On Friday, July 20, at midnight, a theater full of people in the suburbs of Denver excitedly sat down to watch the much-anticipated ending to the Dark Knight trilogy. None of them would have ever guessed it would turn into a nightmare with a gunman throwing tear gas into the room and opening fire.
With 12 people confirmed dead and 58 injured, a somber President Barack Obama said, “There will be other days for politics. This will be a day for prayer and reflection.”
While they don’t agree often, Obama’s Republican opponent Mitt Romney quickly agreed. He put aside his planned attacks on the president and wrote an entirely new speech.
Romney said, “This is a time for each of us to look into our hearts and remember how much we love one another.”
While the two vying for the nation’s top seat did the right thing on Friday, so many others didn’t. The discussions became political all too quickly for my taste.
Radio shows and many others immediately started arguing over gun control, gun rights and on and on and on.
One radio personality, whom I choose not to give the satisfaction of being named, wished that someone with a concealed weapon would have been in the theater so this person would have been able to return fire.
Really? What if in the smoke-filled darkness of a chaotic theater, this concealed weapon carrier missed his target and hits an innocent victim who was just trying to get out of the suspect’s line of sight?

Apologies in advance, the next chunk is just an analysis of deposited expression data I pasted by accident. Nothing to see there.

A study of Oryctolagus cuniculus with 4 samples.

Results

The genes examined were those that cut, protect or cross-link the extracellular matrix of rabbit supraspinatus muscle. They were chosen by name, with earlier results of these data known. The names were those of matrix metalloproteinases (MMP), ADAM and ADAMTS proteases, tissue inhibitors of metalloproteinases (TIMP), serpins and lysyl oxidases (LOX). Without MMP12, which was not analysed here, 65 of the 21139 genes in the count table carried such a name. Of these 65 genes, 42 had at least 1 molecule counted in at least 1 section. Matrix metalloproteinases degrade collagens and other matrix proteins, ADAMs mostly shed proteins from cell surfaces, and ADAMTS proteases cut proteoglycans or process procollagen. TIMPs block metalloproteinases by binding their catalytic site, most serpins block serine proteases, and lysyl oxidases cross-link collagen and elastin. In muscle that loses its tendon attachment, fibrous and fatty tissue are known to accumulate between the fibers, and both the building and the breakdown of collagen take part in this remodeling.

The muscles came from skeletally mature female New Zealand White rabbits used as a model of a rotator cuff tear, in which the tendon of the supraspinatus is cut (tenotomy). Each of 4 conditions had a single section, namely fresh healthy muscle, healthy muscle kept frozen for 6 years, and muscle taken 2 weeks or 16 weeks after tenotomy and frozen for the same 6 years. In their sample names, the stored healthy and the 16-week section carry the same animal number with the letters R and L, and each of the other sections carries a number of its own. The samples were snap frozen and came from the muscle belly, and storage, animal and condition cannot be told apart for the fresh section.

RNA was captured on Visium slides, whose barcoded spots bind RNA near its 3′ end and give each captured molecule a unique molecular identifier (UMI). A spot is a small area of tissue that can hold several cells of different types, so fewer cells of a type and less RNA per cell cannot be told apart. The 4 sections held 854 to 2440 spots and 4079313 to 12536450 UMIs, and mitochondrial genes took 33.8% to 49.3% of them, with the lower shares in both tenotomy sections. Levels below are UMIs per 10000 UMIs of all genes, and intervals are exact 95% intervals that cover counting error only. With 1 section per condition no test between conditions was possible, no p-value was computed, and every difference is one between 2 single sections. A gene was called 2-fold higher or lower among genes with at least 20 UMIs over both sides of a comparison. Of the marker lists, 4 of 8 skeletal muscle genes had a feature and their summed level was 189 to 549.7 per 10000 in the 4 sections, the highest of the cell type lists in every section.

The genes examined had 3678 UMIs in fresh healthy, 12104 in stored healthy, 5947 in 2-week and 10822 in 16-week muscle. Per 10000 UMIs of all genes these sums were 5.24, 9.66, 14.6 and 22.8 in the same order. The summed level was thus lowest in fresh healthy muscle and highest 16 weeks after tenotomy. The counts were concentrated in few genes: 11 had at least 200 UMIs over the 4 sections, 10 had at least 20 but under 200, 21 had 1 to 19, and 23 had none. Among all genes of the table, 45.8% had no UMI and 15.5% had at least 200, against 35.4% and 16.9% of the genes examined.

While the left cries for stricter gun laws, the right cries that there’s not enough of them.
In this world filled with hate-filled politics, I started feeling on Friday that the victims got lost in the battles of two parties hell bent on disagreeing on anything and everything that is brought up.
For those of us in Tucson, the shooting hits a little too close to home. We can’t forget Jan. 8, and we are still hearing the ongoing debate about what should happen to prevent these tragedies from taking place.
In the case of Jared Lee Loughner, who is accused of taking aim at the innocent victims in that Safeway parking lot on Jan. 8, he still sits in a Missouri mental health facility being pumped full of drugs so he can be deemed fit to stand trial in what likely will become a plea of insanity.
Will that be the same case with James Holmes, the man accused of taking lives and wounding dozens in Colorado? We know he dropped out of med school the day before, but with all the equipment and gun power he had, he had to have been planning his attack a lot sooner than Thursday.
Holmes’ own mother told ABC News that she wasn’t surprised to hear that her son was the culprit.
I wonder now, if like Loughner, Holmes was showing all the warning signs, but no one stepped in to help. Or, did Holmes seem sane like his neighbors and fellow medical students have stated?
We focus so much on gun control, but where is the focus on mental health? Where is the focus on stopping these people from taking lives at all? Where is legislation that prevents these tragedies altogether?
These tragedies aren’t just centered around the fact that someone owns a gun and used it to carry out a senseless attack on innocent people who just wanted to see the final Batman movie.
The politics have to be put aside and everyone needs to come to the table and look at the fact that these tragedies are becoming too common.
Those in power must look at all of these mass shootings and take every aspect into account from guns, to mental health, to where they get all of the ingredients they need to carry out such a dreadful plan.
Our society should not become fearful of attending a movie, or visiting our elected officials at a grocery store.